The ACC is reportedly proposing some changes to the recruiting process that would aim to add dead periods to the recruiting calendar and set a restriction on how soon a school can offer a verbal offer to a prospective student-athlete.
According to a report from The Charlotte Observer, the ACC is proposing adding a dead period for recruiting in February and in July. In addition, the ACC proposes reducing the spring recruiting period from six to four weeks over a six-week stretch. These proposals would help ease the amount of work a coaching staff would have to do during the spring when the focus can be centered more on spring football and running the program without having to go on the road making sales pitches to high school students and their families a couple of extra weeks in the offseason. The emphasis would also, in theory, take some of the pressure off prospective recruits.
If the ACC has its way, a proposal could also leads to no longer seeing schools offer scholarships to players before September 1 of the student’s junior year of high school. In other words, the stories of 12 and 13-year olds receiving scholarships from USC, LSU, Texas and so on would no longer be possible. That’s probably a good proposal that should gain some momentum just for the sake of sanity in the recruiting game.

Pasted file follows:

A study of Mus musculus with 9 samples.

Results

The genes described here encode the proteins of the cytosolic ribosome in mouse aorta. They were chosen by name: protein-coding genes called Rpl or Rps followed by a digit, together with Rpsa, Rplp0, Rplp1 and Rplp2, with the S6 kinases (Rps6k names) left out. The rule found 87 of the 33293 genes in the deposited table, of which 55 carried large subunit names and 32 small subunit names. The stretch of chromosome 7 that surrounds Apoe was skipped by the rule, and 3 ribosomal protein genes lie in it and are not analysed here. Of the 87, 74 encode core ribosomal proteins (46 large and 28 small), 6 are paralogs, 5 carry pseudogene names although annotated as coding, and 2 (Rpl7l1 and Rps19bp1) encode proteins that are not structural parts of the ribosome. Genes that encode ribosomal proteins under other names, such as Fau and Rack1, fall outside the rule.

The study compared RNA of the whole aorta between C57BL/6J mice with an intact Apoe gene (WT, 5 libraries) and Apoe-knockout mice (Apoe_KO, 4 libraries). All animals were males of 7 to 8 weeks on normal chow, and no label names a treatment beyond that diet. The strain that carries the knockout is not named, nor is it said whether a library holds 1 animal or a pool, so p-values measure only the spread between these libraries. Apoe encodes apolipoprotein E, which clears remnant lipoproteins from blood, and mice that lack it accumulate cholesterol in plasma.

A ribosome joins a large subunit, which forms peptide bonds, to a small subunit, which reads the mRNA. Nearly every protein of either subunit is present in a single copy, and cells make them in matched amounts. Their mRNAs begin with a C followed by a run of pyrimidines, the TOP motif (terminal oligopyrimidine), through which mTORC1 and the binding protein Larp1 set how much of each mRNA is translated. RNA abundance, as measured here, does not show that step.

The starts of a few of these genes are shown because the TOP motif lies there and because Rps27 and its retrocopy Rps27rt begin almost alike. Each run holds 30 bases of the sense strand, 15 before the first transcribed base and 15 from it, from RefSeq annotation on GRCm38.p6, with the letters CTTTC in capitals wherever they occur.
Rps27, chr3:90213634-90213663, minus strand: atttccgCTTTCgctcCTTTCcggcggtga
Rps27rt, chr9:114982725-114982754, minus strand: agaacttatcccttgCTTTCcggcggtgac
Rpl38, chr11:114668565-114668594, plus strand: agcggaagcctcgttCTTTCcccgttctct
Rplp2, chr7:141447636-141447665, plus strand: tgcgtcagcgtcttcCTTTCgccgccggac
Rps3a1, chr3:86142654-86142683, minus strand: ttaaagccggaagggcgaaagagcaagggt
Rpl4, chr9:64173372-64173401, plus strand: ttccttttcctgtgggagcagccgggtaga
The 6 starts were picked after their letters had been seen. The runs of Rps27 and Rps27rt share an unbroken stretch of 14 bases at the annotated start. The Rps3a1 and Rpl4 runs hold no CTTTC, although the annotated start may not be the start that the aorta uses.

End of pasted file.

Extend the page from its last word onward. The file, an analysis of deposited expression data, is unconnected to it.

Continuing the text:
These proposals were designed with the new early signing period adopted last year. After witnessing how the early signing period was executed across the nation, the proposals from the ACC are aiming to address some of the concerns that have become more visible with an early signing period.
It remains to be seen how much support these proposals will receive from other conferences at this time. The proposal to reduce the recruiting opportunities in the spring may be supported by other conferences and programs in the south like in the SEC, but that is a change that would likely impact the recruiting abilities more of programs in the north like the Big Ten. Expect some possible debates about that particular proposal as the ACC looks to cut down on recruiting opportunities for Big Ten coaches.